Adding Offense to Advertising
Firstly, I apologize for not posting for the past two weeks. I’ve been a little busy with finals and then moving back in at home, and there was some lack of motivation there too. But now I’ll be back to posting every week.
Last week I came across an article about recent poor advertising campaigns that resulted in some serious negative publicity for several companies such as PepsiCo, Ford Motors, Hyundai Motors, Reebok, and General Motors. Amidst consumer backlash, these companies recently had to apologize for some of their ads that may have suggested subjects like rape, race, and suicide.
PepsiCo—Representatives recently apologized for this ad about their Mountain Dew Brand. The ad features a beaten up white lady trying to identify her attacker from a police lineup that features African-American men and a goat (who is the actual attacker because he has an addiction to Mountain Dew, yeah long story). The ad was created by rapper Tyler, the Creator who is known to push buttons with his music but insists that this ad wasn’t meant to offend anyone. Judge for yourself whether this ad is offensive or not:
PepsiCo also cut ties with Lil Wayne, the famous rapper, after he produced a song called “Karate Chop” which had vulgar lyrics that many people, including the relatives of Emmett Till, the murdered teenager in 1955 who’s death stimulated the Civil Rights Movement, found highly offensive. The lyric video is here. Skip to 3:20 to hear Wayne’s verse and the controversial lyric mentioning Till. Note: Lyrics are very explicit.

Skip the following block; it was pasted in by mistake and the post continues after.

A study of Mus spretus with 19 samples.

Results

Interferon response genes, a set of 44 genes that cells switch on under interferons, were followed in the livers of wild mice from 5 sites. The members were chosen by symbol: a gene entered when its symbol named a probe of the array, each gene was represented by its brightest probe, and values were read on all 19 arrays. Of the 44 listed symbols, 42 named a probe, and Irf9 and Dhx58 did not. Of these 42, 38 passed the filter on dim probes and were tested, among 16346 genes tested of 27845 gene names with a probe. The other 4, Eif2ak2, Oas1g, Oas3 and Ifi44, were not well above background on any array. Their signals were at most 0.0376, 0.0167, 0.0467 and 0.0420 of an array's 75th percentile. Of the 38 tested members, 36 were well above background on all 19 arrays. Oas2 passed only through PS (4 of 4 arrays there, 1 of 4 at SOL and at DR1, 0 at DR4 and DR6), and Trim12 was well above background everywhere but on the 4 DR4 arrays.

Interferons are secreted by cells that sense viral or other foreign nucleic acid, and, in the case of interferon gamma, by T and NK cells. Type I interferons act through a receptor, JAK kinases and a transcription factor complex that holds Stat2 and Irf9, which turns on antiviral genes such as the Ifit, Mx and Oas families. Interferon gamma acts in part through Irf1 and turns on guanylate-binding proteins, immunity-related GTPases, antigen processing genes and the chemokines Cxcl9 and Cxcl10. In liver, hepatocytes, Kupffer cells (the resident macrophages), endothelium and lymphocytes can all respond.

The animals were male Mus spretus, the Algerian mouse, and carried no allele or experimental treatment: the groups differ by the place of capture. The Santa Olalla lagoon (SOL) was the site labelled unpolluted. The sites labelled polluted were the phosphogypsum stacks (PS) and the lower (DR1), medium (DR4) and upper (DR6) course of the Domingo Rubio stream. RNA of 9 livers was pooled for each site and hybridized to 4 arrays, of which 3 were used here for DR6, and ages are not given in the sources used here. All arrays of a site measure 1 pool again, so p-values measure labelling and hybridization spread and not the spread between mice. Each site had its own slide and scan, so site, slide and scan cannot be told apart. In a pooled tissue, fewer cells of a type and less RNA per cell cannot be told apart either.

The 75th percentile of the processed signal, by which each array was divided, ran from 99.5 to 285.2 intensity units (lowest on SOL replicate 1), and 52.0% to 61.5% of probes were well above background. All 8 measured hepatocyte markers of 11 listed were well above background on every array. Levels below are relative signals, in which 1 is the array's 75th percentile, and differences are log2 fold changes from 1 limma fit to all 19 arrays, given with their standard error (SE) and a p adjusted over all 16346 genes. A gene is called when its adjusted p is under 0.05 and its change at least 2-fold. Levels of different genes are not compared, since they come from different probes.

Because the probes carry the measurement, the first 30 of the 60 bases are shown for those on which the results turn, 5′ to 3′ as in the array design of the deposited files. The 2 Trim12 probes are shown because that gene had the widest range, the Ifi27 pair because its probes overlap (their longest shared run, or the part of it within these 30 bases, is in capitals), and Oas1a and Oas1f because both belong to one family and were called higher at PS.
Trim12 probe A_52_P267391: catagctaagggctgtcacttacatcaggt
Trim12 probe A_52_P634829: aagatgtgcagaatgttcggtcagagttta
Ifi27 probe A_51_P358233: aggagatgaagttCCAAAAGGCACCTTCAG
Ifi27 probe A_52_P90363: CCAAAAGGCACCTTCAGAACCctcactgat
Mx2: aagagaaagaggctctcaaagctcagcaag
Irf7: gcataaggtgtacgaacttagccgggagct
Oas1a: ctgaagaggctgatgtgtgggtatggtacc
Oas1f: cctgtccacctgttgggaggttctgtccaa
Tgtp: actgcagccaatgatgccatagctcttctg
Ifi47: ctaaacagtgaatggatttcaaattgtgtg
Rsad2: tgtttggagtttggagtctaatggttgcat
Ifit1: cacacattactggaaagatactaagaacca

Ford—Another embarrassment to the advertising world came when two senior creative executives, one of whom is a managing partner, at JWT India lost their jobs after the company produced a set of ads that featured women bound and gagged in the trunk of a Ford Figo while Paris Hilton and Silvio Berlusconi are driving. Here are the ads:
So why do these controversial ads keep happening, and why are they increasing? Experts believe that the primary reason is because creative executives on Madison Avenue are more desperate to create ads that will be noticed and that are “unique”. Says Tor Myrhen, President and Chief Creative Officer of Grey New York, “It’s the pressure to get more views online that leads people to push the envelope…there’s so much ‘How do we speak to millennials?’ in meetings.” Social media has been the quickest way to reach the masses nowadays and sometimes it appears that brands focus more on releasing more ads at a faster rate than their competition than focus on the quality of each ad. Consumers aren’t the best at gauging what’s wrong vs. what’s interesting either. “The race to re-Tweet and to click ‘Thumbs Up’, beats the impulse to take a step back and make sure the ad is crafted exactly the way you want it to be received”, says Nancy Hill of the American Association of Advertising Agencies. In my opinion, ad agencies always have a tough job with making ads for the public. But it’s a question of knowing what is right and what could be wrong that should always be in the minds of these directors. I mean did nobody in Ford ever think that the ads might be a little too offensive for the public? Could PepsiCo not put in at least one white guy in the lineup, or at least be extra wary that Tyler, the Creator is leading the project? All these problems seem like they could have been avoided with a few tweaks and modifications here and there. Being risqué isn’t a bad thing, but it is risky. Some companies have pulled it off fairly well (Read: Kmart Takes a Ship on Its Competition) but others, as the ones mentioned in this article, are not so lucky.